One of the activities that goes along with camping in the great outdoors, is photography. So many of our travelers are constantly showing us photographs of their trips, and we love it! That’s why we sponsor a photography contest from time to time … because we know that you’re going to take plenty of photos while on your RV adventure.
Campers love to snap pictures of lakes, wildlife and scenery of all kinds. Most of the time, we consider the best conditions to be a sunny, calm day. But what about pointing your camera up into the night sky? There are some amazing subjects hovering in the heavens above (compliments of Mother Nature) just waiting to be photographed. After all, most of the time campers find themselves in very dark areas, away from the city and the light pollution that surrounds it. A clear sky and no city light is the ideal condition for taking night pics. Protected wild lands are great places to revel in the timeless pleasure of starry skies. The question is, “How do I do it?”
Here are a few tips from Cruise America for photographing the night skies:
1. Find the darkest skies you can: This is probably the most important component of astrophotography. However, it can also be the most difficult to achieve (unless you happen to be camping out in the wilderness).
2. Get familiar with your view: There are several smartphone applications that will reveal when different celestial bodies will be visible, and where to look to see them. Some of these apps are called Photographer’s Ephemeris, Stellarium, SkyGazer 4.5 and PhotoPills. For instance, if you want to photograph the Milky Way galaxy, it’s most visible from June to September in the northern hemisphere.
It remains vertical until about August.
3. Know your moon phases: You should become familiar with the phases of the moon, and when they occur. The ideal time to take photos is either four days before or after a new moon, when it is not visible at all. This way, you can avoid dealing with the extra light that the moon casts. If you want to get a photo of the moon itself, then dusk is the optimal time to capture its glow.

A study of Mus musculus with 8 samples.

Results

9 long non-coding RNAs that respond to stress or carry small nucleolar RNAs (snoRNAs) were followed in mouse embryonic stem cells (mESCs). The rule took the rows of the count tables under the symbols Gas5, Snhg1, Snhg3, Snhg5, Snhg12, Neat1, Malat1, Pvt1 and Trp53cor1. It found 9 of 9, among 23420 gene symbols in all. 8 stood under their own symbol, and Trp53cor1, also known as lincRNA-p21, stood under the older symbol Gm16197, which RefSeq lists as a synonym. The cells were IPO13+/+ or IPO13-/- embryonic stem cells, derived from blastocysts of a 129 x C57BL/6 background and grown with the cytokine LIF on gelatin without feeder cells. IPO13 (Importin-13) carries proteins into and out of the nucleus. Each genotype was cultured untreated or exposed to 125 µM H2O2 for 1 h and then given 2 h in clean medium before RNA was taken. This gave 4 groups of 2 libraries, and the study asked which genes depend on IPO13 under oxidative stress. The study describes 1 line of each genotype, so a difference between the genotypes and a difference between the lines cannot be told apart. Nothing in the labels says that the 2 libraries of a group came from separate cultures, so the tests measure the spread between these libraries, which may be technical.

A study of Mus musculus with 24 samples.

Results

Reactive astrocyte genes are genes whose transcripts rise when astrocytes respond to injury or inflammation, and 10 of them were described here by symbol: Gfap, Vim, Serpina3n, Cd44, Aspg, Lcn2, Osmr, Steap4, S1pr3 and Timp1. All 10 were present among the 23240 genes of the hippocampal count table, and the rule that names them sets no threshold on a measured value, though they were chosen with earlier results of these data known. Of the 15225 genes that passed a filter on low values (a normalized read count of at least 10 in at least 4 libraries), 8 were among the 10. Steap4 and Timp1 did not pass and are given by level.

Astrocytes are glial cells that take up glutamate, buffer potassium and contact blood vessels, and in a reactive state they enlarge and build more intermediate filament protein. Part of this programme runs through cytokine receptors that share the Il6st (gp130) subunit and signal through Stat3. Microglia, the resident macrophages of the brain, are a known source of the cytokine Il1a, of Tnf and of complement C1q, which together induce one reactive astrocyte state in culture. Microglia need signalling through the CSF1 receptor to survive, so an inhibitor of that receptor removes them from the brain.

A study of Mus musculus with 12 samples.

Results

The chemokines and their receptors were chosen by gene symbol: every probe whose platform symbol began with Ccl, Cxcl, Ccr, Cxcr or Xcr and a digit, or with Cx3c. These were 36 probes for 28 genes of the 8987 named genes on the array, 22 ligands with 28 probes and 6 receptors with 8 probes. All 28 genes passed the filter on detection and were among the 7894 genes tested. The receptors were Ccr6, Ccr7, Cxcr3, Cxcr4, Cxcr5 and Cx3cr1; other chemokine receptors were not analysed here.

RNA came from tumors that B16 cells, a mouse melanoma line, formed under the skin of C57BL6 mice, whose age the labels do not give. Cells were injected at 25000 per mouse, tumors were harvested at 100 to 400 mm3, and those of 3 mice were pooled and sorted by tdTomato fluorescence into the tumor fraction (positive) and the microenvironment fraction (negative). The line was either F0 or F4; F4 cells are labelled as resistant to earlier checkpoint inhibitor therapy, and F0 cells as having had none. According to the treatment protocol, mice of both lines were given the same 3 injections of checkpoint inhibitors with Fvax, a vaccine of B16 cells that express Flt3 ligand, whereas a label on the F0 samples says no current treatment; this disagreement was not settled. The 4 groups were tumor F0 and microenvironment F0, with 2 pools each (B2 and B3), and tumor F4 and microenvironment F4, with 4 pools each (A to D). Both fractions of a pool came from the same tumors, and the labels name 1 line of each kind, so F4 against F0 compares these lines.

4. Get your gear in order: The camera that you use will need to have high ISO capabilities and a fast wide-angle lens (anything with an aperture of 2.8 or wider is optimal). You’ll also want a sturdy tripod, a cable release (best if it has a timer), a flashlight, as well as a headlamp. Be sure to charge your batteries. To save battery power, turn off or disconnect any accessories you’re not using.
5.Don’t make too much light: Remember that your camera may have an overly bright LCD screen. This can trick you into taking photos that are too dark, so be sure to learn how to use the histogram on your camera. And just so that you’re aware, it usually takes at least 15 minutes for our eyes to adjust to the dark. Consider turning off all your personal lights … even those on your camera. You can use a headlamp or flashlight to create light in the foreground of your photo.
6. Throw in some manual labor: Be sure to use the manual or bulb-shooting mode. This will cause the shutter to stay open as long as you hold your finger on the button. Turn your lens to infinity, and turn off your auto-focus.
7. Maximum Exposure: Be sure to use the widest aperture, or lowest f-stop. The longer the shutter is open, the brighter your photos will turn out. Start with at least ten seconds, then go from there. You can leave it for ten minutes, or even up to several hours, and you may capture the star trails as a result of the Earth’s rotation. If you prefer not to have the star streaks, you can always use the “500 rule”. Simply divide 500 by the focal length of your lens (as an example, let’s say you’re using a 20-mm lens … 20 = 25—you could use 25 seconds of exposure time before the streaks become visible).
8. Set the Sensitivity: The high ISOs are essential for taking in a sufficient amount of light. They can cause a lot of noise, so be prepared to use digital editing software to clean up the images you’ve captured. It’s best to start at say, 800, but you may need to go as high as 5000.
9. Keep composition in mind: If you’d prefer to have a foreground in your image, snap one shot with the stars in focus, then take another one with the foreground in focus. Next, you can stack the two using an editing software. One such program is free, and it’s called Deep Sky Stacker.
10. There really is color in your shot: While your eyes cannot see color in the night sky, don’t think that it doesn’t exist. Your camera will catch it. Try using tungsten or Kelvin white balance rather than daylight, and shoot in RAW mode (not JPG) so you can maximize adjustments later. In order to really make the colors pop, use an image editing software like Photoshop.
One thing is for sure; it takes practice and experimenting, so don’t give up! Also, it’s comforting to know that once you’ve finished your photography session, you’ll have a nice, comfy bed to plop into. That’s assuming, of course, that you’ve rented one of our class C motorhomes to stay in. Oh, and lastly, we want to see the pics!